As any job seeker knows, it's tough to compete for a desirable gig if you can't point to a solid track record. You might think this would be especially true for city contractors who stand to make a killing on lucrative construction projects.
Take, for instance, a $283.2 million San Francisco Public Utilities Commission contract awarded to perform an absolutely essential service: making seismic and hydraulic retrofits to water-treatment units.
With close to $300 million in taxpayer dollars on the line, not to mention the general importance of having a properly functioning water treatment system in the event of an earthquake, you might think the city would kick some tires and make a few inquiries about the company's track record before signing a deal.
But according to the results of an audit issued May 20 by the Office of the Controller, local agencies do not "consider past performance in the construction contract award process."
Which is to say, there is no mechanism preventing city agencies from awarding high-paying construction gigs — over and over again — to bidders who have done a terrible job in the past.
For the water-treatment fixes, the SFPUC wound up selecting what the controller's audit charitably termed a "poor-performing" contractor. It didn't go well: The company "delivered poor quality control, and applied poor project management," according to the audit.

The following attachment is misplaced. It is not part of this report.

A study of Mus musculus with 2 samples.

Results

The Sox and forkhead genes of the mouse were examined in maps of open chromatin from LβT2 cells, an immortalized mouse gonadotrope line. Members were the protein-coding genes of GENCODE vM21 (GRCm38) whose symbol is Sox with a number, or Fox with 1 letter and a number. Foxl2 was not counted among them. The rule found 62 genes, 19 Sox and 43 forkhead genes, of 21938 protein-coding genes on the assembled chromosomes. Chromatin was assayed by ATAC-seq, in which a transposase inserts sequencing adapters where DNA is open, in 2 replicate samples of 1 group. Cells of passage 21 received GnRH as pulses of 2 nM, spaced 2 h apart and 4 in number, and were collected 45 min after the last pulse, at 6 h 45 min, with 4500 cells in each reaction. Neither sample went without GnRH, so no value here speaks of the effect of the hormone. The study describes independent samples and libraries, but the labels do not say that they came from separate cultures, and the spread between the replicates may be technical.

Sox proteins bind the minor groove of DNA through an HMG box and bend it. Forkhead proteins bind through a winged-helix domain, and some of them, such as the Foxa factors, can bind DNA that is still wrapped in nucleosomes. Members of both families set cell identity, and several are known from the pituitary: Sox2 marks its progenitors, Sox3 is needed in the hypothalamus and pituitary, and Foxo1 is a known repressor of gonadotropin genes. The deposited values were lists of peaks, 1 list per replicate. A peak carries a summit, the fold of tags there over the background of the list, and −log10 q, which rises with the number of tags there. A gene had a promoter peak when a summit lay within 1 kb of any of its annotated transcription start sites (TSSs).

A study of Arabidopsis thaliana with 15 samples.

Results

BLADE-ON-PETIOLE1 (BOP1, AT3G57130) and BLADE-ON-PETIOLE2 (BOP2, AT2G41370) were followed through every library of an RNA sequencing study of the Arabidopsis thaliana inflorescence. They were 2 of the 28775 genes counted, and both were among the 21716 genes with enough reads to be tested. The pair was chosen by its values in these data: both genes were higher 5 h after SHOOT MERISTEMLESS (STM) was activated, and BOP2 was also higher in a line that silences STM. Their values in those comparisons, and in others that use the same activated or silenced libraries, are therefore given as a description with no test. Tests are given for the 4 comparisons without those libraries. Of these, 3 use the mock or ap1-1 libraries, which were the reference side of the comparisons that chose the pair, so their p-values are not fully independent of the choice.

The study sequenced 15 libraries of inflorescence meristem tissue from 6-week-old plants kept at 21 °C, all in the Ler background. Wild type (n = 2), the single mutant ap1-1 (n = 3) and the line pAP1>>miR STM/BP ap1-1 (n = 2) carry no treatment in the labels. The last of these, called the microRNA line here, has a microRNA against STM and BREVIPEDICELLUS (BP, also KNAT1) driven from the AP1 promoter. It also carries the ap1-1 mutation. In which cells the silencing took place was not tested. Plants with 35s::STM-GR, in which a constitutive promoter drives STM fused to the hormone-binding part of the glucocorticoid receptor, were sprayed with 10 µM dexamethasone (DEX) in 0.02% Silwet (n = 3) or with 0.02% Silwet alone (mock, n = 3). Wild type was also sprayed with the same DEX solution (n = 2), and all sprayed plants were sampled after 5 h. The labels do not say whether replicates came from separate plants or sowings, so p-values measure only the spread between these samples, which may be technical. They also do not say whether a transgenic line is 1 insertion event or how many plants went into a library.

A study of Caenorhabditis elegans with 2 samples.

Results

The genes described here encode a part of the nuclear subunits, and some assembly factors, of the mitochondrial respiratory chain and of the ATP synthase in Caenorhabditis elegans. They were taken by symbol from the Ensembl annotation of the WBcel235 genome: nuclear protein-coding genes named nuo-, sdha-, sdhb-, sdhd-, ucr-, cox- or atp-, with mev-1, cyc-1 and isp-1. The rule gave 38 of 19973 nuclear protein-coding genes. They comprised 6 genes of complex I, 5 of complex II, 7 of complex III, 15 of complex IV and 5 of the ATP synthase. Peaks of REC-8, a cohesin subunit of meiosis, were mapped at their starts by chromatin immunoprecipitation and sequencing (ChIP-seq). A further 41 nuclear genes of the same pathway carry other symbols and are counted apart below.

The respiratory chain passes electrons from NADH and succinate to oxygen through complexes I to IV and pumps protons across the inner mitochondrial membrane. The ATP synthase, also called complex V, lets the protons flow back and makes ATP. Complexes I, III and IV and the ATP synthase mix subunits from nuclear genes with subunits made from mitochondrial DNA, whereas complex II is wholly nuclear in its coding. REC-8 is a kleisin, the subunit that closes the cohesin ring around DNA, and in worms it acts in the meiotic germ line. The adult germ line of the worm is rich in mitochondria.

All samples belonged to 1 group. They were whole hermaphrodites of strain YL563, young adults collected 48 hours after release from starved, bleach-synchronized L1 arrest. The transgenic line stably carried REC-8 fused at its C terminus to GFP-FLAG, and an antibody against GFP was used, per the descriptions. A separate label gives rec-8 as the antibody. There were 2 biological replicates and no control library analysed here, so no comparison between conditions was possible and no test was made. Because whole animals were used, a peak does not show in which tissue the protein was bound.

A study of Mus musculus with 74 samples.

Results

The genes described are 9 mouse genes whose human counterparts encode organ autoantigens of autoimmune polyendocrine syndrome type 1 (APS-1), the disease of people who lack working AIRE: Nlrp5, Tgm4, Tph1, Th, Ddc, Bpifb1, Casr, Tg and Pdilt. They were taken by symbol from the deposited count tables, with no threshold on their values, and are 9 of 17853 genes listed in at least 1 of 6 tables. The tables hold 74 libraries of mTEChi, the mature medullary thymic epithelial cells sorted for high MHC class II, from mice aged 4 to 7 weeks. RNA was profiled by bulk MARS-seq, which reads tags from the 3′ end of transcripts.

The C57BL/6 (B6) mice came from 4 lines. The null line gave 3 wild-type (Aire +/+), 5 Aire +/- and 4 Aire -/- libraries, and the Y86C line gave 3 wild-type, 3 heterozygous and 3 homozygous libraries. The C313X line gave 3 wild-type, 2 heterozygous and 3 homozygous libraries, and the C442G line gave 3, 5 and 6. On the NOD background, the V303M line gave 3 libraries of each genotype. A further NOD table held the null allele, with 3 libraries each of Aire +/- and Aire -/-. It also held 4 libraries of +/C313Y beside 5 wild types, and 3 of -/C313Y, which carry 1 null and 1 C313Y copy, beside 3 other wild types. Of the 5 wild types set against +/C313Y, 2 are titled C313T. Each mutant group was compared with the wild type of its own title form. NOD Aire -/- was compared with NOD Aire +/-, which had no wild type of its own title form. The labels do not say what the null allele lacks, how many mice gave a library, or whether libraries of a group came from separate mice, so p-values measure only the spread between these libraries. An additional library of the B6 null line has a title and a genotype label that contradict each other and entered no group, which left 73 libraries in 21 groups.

It issued 87 "change orders" — adding work beyond what was outlined in the original contract — consequently padding the bill by an additional $2.1 million. And this contractor was hit with 70 noncompliance notices, issued when a contractor isn't following the obligations spelled out in the contract. Sending out those notices eats up city resources, auditors noted, while following up on them necessitates further inspections and site visits.
Although the audit didn't name the contractor, the amount allocated and work described suggests that it was Keiwit Infrastructure West Co., hired to take on a water treatment plant retrofit project at the SFPUC's Harry Tracy facility, which treats drinking water that originates at the Crystal Springs Reservoir System.
According to the project website, "Seismic retrofits and electrical upgrades will allow us to reliably provide up to 140 million gallons of water per day, for 60 days, within 24 hours of a major earthquake. Harry Tracy serves several communities on the Peninsula in addition to San Francisco." The company didn't return a call from the Guardian seeking comment.
Why was a problematic contractor entrusted with such a critical project? According to the audit, city law does in fact require a contractor to have "a record of prior timely performance," and a history of dealing with the city "in good faith."
But there's no system for holding contractors to these standards. Since the city has no system in place for evaluating bids based on a contractors' past performance, it's anyone's guess whether this contractor had a poor track record before being hired — and there is nothing to prevent the firm from being hired yet again despite the problems encountered by the SFPUC.
The city contracting process follows a scoring system to ensure that the contract award is impartial and equitable — but since it doesn't factor in a contractor's prior track record, that's never formally considered.
And because the city doesn't require contractor evaluations, or maintain any centralized database of records showing how well contractors have carried out their duties in the past, "poor-performing contractors — even contractors incapable of performing the work on which they bid — can secure additional city contracts," auditors found.